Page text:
Is there gold at the end of Virginia's environmental rainbow?
Chances looked slim back in early 2012 that Virginia's elected folks would have much to brag about as far as improvements to the environment went. Our Attorney General Ken Cuccinelli had questioned the EPA's authority to regulatate greenhouse gases, going as far as a lawsuit. Sure wished the legal funds for that had gone to cleaning up the Chesapeake Bay.
In March, the Virginia Department of Environmental Quality added 840 miles of our rivers and streams to the growing list of polluted waterways. Oops! That means about 25 percent of Virginia's waterways are impaired, an increase of 1.6 percent from 2010.
Then in June, an enlightened federal appeals court told Cuccinelli to go stand in a corner because yes, indeedy, the EPA had such authority under the Clean Air Act. The U.S. Supreme Court had mentioned that the EPA had the obligation a while back, didn't they, Ken? But he says he will persist.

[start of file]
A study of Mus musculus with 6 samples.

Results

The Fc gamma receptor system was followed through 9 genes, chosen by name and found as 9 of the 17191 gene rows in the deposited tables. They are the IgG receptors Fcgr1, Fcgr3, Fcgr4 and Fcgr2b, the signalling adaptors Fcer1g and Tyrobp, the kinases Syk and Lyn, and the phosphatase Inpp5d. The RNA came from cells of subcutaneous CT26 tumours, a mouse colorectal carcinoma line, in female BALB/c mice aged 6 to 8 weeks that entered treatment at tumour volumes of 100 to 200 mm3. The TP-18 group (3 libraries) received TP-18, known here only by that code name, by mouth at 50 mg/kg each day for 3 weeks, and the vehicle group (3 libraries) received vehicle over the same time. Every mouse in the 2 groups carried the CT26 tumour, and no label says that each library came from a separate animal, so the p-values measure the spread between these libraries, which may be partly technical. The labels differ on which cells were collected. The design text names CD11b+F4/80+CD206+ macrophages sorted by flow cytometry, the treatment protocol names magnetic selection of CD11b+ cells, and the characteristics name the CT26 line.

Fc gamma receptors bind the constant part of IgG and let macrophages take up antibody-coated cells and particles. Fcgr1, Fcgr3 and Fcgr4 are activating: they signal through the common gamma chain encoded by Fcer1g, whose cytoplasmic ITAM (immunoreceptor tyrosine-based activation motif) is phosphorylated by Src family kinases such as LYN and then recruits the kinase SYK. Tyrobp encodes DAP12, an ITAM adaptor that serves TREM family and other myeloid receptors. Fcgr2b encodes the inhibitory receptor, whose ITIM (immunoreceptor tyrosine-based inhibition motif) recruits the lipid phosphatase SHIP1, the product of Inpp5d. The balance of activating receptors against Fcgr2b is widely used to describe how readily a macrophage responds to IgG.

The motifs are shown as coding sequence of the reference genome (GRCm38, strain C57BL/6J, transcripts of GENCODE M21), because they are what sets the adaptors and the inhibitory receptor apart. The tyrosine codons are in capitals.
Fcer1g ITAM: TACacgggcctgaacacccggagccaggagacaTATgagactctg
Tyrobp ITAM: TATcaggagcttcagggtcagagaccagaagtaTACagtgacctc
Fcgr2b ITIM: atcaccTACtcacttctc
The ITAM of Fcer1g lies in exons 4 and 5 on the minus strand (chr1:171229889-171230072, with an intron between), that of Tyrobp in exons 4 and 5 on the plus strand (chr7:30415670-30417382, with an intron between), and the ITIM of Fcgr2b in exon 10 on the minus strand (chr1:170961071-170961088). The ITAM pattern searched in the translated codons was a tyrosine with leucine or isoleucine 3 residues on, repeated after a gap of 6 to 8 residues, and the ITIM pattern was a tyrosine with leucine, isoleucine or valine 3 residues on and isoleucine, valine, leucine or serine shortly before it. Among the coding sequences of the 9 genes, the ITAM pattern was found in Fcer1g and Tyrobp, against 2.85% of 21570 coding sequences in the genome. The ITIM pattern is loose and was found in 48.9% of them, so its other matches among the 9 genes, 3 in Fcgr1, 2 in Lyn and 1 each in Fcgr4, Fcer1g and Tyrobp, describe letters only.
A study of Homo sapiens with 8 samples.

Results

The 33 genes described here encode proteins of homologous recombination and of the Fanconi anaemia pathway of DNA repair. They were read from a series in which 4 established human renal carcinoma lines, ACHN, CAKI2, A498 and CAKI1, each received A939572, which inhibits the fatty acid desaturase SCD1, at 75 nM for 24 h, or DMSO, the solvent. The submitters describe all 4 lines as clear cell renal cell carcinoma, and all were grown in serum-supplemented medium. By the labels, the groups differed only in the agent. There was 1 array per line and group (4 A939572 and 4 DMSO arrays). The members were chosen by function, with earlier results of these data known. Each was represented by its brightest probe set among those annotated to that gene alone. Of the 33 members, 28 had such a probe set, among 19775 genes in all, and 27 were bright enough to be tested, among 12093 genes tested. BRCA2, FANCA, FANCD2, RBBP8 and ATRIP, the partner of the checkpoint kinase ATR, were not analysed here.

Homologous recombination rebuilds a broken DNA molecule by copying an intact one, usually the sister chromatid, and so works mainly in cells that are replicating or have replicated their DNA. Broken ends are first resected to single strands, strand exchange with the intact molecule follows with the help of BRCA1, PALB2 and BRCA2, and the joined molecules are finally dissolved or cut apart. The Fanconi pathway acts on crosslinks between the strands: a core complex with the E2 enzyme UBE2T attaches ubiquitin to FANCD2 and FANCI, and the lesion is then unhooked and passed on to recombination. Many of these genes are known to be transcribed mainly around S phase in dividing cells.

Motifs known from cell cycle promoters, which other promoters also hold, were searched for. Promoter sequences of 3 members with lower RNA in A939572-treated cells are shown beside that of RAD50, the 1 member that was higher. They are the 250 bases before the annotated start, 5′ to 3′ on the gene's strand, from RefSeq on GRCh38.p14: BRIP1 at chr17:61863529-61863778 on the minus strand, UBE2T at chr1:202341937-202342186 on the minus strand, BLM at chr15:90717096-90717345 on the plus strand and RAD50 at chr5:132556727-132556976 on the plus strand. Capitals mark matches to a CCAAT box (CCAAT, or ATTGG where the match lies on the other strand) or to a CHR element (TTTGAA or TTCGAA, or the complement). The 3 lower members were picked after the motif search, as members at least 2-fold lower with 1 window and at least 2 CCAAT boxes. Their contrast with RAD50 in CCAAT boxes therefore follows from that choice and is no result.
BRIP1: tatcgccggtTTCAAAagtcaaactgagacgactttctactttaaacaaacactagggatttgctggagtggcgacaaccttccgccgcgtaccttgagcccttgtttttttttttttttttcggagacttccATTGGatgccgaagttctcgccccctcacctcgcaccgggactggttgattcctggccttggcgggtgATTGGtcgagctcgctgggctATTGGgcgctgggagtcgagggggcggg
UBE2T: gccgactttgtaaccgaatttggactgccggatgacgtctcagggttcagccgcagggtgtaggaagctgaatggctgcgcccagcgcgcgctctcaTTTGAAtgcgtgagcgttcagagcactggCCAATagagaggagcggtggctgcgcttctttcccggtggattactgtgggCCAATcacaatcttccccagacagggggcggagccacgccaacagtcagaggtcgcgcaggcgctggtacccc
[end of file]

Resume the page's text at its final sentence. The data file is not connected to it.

Good news continued in July when Governor McConnell announced that Virginia had dramatically exceeded pollution reduction goals for our waterways in the past year. So I was confused. Did he factor in the state DEQ report from March mentioned above?
As a frequent sailor on Chesapeake waters, I can't see much improvement although the Chesapeake Bay Foundation (CBF) folks can measure the suspended silt much better than I. Plus, they can actually assess the growth of submerged aquatic growth, otherwise known as "seaweed" when it fouls boaters' engine intake filters.
So the CBF consensus that emerged a few weeks ago was that Virginia met (or exceeded) six of their nine goals in the bay's "pollution diet." Pennsylvania 4 of 10 goals and Maryland 5 of 8.
To me that's only a fair report card. But it's better than no progress during the decades of declining health for the bay.